Most bed slats have a slight consistent upward bulging:

enter image description here

I am wondering how can one achieve this bulging and make it so precise that each slat is bulged the same amount of degrees.

I suppose that they are made by gluing two thin pieces of wood, one being a tad shorter. Am I right?

  • 2
    I don't think these are typically made by hand. To make them consistent these are almost certainly factory made using heat and pressure you don't get in a home shop. I think you are on your own if you want to try it yourself.
    – jdv
    Nov 4 '20 at 1:34
  • 3
    I'm not really sure what you're gaining by spending the time and effort of bending the slats. For many years, er, decades, I slept on a bed with flat slats. My kids spend their first 2 decades on a bed with flat slats. Maybe we missed out on some spectacular sleeping experience, but we made it.
    – FreeMan
    Nov 4 '20 at 12:29
    – Chris H
    Nov 5 '20 at 16:07
  • Ah, they're IKEA, therefore they must be better... Sorry, forgot my marketing indoctrination. (He says, sitting in a room surrounded by IKEA cabinets. They're decent quality, but not the end-all-be-all.)
    – FreeMan
    Nov 5 '20 at 16:11

Well Ikea's bed slats are made by gluing, as you say:


Materials: Layer glued slats: Beech veneer, Birch veneer, Adhesive resin as coating

So they probably are a few layers of ply with some resin applied between, which are pressed into a form with heat which (partially?) cures the resin and sets the shape very quickly.

An example of this process (albeit for chairs) can be seen at the start of this video:


If you want to do it at home then I would say that you could think about either steam bending or, as you say, gluing them up as a plywood from several thinner (bendy) pieces. The only thing is that I would think you would want them to have a little give, and gluing them up as multi-ply may result in a more rigid piece than if you were to have steam-bent or machined wood which may flex a bit more readily (though I am not certain of this, and if glued pieces are good enough for Ikea then it's probably fine).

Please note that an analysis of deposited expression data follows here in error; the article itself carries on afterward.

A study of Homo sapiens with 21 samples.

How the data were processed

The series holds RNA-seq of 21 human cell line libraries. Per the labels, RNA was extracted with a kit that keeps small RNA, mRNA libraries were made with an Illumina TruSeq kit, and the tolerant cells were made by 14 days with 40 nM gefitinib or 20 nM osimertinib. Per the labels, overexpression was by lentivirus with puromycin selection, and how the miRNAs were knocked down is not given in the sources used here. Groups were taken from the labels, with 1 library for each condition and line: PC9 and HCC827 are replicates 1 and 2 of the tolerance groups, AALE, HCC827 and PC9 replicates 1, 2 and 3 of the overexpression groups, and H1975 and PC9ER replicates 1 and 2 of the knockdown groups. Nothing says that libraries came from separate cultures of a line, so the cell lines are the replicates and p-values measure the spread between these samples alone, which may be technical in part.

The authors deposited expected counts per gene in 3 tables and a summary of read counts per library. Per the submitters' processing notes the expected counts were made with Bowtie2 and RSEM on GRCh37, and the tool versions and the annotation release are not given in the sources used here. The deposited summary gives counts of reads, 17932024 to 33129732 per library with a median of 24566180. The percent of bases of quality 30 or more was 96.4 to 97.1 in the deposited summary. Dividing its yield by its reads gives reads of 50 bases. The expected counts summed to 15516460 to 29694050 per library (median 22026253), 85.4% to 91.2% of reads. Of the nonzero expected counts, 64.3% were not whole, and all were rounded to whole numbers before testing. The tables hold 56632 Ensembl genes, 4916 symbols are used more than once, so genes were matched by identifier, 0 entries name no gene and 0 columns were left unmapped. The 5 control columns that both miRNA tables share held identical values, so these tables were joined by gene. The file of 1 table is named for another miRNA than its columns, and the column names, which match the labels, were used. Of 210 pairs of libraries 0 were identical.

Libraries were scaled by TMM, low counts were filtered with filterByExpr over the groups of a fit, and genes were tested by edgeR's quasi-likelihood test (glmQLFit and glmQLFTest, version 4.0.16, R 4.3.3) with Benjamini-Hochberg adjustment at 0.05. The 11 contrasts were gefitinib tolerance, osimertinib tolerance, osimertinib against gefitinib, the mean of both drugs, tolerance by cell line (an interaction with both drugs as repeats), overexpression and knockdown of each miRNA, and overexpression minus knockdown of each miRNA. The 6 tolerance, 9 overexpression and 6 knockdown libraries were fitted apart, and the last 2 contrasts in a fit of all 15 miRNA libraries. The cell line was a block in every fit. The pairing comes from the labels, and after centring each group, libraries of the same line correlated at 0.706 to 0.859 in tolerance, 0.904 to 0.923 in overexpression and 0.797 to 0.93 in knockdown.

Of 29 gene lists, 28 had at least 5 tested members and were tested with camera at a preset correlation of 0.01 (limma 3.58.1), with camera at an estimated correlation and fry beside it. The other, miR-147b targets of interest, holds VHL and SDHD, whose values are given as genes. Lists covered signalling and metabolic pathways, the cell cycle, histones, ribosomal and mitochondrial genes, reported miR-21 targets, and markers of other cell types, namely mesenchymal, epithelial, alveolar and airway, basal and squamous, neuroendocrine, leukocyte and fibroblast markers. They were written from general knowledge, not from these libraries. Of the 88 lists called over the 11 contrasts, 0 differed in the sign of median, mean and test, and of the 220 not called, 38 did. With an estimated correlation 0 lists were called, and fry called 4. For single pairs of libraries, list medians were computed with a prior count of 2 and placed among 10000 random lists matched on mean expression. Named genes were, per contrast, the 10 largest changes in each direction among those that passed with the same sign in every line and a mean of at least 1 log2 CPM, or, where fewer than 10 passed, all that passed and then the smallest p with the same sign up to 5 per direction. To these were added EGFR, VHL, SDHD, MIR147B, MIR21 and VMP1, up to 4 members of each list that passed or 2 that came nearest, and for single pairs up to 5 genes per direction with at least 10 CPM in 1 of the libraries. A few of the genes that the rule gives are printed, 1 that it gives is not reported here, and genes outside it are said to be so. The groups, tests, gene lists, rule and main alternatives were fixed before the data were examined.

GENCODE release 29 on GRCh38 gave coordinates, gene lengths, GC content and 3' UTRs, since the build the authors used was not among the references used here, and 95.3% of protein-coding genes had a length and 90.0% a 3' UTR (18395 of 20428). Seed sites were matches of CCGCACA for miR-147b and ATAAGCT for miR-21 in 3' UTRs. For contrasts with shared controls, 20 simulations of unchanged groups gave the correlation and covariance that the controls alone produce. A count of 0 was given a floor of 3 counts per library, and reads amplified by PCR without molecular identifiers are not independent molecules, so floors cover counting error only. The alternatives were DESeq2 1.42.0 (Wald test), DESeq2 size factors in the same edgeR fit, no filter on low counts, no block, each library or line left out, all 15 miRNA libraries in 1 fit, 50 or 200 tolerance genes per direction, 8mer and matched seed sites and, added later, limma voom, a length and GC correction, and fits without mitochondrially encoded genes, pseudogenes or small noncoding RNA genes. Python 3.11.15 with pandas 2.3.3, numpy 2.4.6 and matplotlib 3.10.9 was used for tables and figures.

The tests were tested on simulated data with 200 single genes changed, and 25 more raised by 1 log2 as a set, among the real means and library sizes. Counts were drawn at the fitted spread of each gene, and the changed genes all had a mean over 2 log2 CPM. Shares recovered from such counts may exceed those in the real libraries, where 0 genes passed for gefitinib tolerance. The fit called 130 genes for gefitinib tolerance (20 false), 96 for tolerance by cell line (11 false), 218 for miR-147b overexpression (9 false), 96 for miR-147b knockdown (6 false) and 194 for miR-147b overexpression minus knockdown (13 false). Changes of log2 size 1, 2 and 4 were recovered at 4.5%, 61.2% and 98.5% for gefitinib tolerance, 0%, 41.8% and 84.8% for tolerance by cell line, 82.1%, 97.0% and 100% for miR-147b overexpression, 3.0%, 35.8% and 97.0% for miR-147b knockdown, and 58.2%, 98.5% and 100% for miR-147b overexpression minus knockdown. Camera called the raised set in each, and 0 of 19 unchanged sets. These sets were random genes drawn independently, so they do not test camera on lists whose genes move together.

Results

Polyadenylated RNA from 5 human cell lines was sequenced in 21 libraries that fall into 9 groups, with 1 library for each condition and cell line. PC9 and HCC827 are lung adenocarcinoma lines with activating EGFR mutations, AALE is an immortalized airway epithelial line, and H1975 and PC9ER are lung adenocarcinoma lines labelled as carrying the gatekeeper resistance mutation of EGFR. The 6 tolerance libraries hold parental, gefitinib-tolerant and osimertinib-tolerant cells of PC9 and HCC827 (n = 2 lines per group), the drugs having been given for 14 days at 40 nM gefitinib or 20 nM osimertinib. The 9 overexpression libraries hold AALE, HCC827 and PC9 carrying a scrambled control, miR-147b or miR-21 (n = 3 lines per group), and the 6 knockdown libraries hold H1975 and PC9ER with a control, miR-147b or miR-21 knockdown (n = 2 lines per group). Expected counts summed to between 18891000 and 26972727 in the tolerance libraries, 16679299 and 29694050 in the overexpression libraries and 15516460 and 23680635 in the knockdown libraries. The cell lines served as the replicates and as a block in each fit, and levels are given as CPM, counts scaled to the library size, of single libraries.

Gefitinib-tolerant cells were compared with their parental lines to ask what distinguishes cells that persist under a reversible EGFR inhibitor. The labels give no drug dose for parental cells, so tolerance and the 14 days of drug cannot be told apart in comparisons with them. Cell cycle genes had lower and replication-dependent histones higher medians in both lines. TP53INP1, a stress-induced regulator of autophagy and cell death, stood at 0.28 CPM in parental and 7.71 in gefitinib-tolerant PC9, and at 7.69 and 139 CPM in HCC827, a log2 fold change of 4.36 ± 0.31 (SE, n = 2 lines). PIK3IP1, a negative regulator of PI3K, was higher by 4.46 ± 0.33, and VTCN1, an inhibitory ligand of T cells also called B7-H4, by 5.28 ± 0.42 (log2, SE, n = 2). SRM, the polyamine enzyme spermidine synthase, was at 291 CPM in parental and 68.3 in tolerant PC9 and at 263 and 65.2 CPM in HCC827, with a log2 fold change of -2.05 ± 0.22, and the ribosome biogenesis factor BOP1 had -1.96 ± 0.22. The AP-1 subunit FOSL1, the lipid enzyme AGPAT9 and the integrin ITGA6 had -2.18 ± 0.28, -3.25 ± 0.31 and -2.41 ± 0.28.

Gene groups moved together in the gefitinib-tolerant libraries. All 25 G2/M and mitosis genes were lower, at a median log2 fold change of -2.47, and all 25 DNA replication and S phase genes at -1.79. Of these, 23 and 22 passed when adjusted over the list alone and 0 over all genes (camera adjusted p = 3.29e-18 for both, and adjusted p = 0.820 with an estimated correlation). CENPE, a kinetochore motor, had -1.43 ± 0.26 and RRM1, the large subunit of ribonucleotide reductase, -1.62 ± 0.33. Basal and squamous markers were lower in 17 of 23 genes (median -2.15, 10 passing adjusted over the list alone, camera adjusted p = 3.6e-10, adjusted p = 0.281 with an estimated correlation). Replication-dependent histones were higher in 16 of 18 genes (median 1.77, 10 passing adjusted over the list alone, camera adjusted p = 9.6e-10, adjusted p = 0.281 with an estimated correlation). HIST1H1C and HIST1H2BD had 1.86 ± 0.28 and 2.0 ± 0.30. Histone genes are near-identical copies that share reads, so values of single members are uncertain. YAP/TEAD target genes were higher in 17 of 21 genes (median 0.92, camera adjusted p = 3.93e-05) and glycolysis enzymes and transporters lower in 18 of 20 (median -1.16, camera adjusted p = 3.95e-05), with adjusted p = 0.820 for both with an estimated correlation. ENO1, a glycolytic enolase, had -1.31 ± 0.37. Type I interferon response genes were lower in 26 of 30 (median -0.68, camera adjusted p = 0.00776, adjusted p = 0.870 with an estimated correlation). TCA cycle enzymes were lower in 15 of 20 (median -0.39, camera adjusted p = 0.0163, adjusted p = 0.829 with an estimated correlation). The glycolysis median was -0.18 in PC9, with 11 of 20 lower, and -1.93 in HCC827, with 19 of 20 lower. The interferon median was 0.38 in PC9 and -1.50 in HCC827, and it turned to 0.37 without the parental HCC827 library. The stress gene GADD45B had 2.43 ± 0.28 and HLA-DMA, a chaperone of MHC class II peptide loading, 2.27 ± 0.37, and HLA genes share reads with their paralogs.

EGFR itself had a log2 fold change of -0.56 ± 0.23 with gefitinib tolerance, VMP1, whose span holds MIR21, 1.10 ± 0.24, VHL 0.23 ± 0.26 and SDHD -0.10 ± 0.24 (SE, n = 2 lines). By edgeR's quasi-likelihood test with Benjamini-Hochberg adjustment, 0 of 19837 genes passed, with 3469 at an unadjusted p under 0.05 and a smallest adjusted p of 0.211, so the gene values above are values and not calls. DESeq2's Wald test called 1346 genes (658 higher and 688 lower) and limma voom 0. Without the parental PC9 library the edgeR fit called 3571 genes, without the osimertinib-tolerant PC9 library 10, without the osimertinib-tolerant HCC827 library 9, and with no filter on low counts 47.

Gluing up from multiple plies is fairly self-explanatory: Source some veneer or thin plywood (probably 3mm or so thickness), glue multiple layers together using a simple form to hold the shape while they dry. You'd have to leave them in the form for long enough to dry (probably an hour or more depending on the glue), unless you have an industrial heated press at home :)

Steam bending is a bit more involved but very doable - there are multiple videos on how to do it on YouTube. If you search for something like "steam bending wood at home" (without the quotation marks) you'll find multiple results. Most people seem to use either a home-made wooden steam box, or a capped length of PVC pipe, fed with steam either from a steam cleaner or simply a pot of water over heat, usually with a flexible pipe running to the steam box. You'll still need to build a form for this method (again, it can be quite simple), to clamp the wood while it cools and dries, and I understand there's a bit of an art to it - you'll likely need to experiment a bit and practice.

All in all, unless you have a really good reason to make them yourself, I would consider just buying some. The Ikea ones are very reasonable.

  • 1
    A big manufacturer can specify the number, thickness and grain direction of each layer, then make a prototype, so they can perfect the glued-up version
    – Chris H
    Nov 5 '20 at 16:08

This can be done by using multiple thin pieces of wood, glued together between each layer and being clamped to a jig/template. The other way is to steam and again clamp to a jig/template. The jig will also have to take into account that once you clamp the pieces they may want to spring back a bit. enter image description here Keep in mind that consistency will be based on experience, and quality of jig and materials.